Interview with Judge Tara Desautels – Recipient of the ACBA Distinguished Service Award for Judge
Judge Tara Desautels started her career as as a Deputy District Attorney at the Alameda County District Attorney’s Office, handling all types of cases from misdemeanors to serious felonies, and was selected to serve as a member of the felony Child Sexual Assault team, as liaison to the Sexual Assault Felony Enforcement task force, and as a mentor with the California District Attorneys Association. She left to work with the law firm of Pillsbury Winthrop Shaw Pittman LLP, where she handled business litigation matters including antitrust and unfair competition, and also represented defendants charged with white collar crimes, and served as Habeas Counsel for a death row inmate.
Judge Desaultels is a strong advocate for women and children, serving as the chair of the Child Abuse, Listening, Interviewing, and Coordination center (CALICO), which works to achieve justice and healing for abused children, and speaking and writing on issues affecting girls in court, and women in the profession.
She was appointed to the bench in 2010 and has served in criminal, family law and juvenile assignments since that time, and on the Court’s Executive Committee since 2015. The Alameda County Bar Association is proud to give Judge Tara Desaultels our Distinguished Service Award for Judge. She sat down with us to tell us a little more about herself.
When did you know you wanted to be a lawyer?
My grandfather, a person whom I greatly admired and respected, had been a lawyer. And while I never knew much about his actual practice (he retired when I was little), he was a strong proponent of logic and the rule of law in all aspects of life and human interaction. His teachings and reasonings stuck with me and led me to go to law school as the best way to train and learn to use language and logic as a peaceful means of contributing to and bettering society.
If you hadn’t become a lawyer, what would you be doing instead?
Other than being a mother, that’s hard to say. I would certainly hope to be doing something that required a high level of interpersonal interaction and community involvement.
What do you know now that you wish you had known when you were first admitted to practice?
That there is no singular “right way” to practice law or to achieve varied career goals. Lawyers need to stay true to themselves in how they choose to practice law. Juries, judges, and clients see through those who don’t, and the training necessary to become and stay a lawyer is too powerful to waste or misuse.
What is the biggest challenge facing new attorneys today?
The practice of law is challenging, and all attorneys have ups and downs throughout their careers. The modern day and Bay Area in particular offers a wealth of tempting non-legal employment opportunities that might seem to be more exciting or lucrative than the hours of document review, discovery responses, or trial preparation facing new attorneys. Some are well worth pursuing, but the grass is not always greener. As long as you are intentionally, actively working in a legal arena that is true to your personality and life philosophies, you will achieve a successful, fulfilling career in the law, likely even beyond your initial expectations.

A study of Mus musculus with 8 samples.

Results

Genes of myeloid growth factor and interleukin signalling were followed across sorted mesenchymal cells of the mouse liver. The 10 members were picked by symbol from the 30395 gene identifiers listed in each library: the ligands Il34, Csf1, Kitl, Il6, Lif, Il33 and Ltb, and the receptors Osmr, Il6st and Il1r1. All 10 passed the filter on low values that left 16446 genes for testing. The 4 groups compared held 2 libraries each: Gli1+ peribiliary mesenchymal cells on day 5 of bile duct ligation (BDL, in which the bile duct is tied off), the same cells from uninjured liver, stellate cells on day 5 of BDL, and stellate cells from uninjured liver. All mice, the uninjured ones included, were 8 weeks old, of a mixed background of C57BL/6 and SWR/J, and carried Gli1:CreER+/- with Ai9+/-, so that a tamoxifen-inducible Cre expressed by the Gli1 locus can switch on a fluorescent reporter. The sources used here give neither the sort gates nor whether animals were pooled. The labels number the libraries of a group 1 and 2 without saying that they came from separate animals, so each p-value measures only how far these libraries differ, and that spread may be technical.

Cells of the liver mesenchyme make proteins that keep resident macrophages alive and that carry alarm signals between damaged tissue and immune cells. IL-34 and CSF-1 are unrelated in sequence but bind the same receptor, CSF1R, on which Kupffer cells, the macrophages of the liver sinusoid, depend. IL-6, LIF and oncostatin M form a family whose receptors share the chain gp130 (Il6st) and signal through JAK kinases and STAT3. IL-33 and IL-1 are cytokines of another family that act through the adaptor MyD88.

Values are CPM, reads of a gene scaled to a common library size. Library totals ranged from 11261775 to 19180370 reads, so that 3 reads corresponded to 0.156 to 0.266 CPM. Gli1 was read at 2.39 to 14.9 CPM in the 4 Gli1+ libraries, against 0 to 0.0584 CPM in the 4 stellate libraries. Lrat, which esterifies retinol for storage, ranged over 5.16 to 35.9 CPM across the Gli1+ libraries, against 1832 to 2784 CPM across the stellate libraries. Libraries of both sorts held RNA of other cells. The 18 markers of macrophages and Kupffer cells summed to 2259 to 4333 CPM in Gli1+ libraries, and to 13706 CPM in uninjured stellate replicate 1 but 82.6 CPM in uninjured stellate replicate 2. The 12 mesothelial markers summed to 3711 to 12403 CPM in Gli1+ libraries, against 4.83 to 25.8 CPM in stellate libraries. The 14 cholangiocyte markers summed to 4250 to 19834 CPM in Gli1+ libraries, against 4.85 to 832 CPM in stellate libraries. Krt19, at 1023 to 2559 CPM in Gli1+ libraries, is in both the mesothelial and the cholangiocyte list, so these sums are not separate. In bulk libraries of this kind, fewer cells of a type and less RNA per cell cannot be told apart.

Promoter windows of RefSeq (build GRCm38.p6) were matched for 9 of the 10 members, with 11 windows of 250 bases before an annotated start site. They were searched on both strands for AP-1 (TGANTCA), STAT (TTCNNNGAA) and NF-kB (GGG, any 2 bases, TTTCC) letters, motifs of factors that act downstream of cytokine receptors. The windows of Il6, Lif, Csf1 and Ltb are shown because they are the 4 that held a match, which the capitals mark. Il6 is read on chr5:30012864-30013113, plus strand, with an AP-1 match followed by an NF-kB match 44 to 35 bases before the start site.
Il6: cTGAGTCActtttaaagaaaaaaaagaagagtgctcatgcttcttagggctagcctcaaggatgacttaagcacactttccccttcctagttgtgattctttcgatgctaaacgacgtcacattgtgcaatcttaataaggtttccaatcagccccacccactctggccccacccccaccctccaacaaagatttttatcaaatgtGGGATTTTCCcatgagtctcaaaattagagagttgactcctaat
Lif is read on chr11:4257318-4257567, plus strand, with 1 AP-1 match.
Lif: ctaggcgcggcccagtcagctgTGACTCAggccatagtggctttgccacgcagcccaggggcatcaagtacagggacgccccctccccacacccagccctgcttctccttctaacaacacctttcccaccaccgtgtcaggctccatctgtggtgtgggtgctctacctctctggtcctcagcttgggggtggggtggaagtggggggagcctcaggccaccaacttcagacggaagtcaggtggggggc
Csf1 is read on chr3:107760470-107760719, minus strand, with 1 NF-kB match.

What is your favorite part of being a judge?
Going to work every day with the goal of doing the right thing.
What is your dream vacation?
An actual vacation – meaning someplace in the mountains or near water, with lots of clean air and outdoor activities, where neither my husband nor I am interrupted by work, and our kids are miraculously nice to each other and us.
What are you reading now?
Inspired by my recent law school reunion, I just finished a book written by one of my close law school classmates: Gilded Age by Claire McMillan.
What’s one thing people might be surprised to learn about you?
That I was once a serious water polo player.
What person, living or dead, real or fictional, would you like to have dinner with?
Madeline Albright. She was the first woman Secretary of State for a President who was a Georgetown grad and when I was still at Georgetown. Before her appointment, I had met her briefly as part of with a seminar I took that was connected with The Great Decisions Debate Series, for which she was a regular participant. She has had a pretty amazing life and seems like a really neat person, too.
Why did you decide to be an ACBA member? What is the greatest benefit of membership?
I joined the ACBA because I believe in supporting Alameda County’s local legal community, of which I am proudly a part. Membership’s greatest benefit is the neverending opportunity to meet and learn from other legal professionals who live in, practice in, or otherwise have a connection with our county. We are a talented and diverse group; I learn something or meet someone new at every event I attend.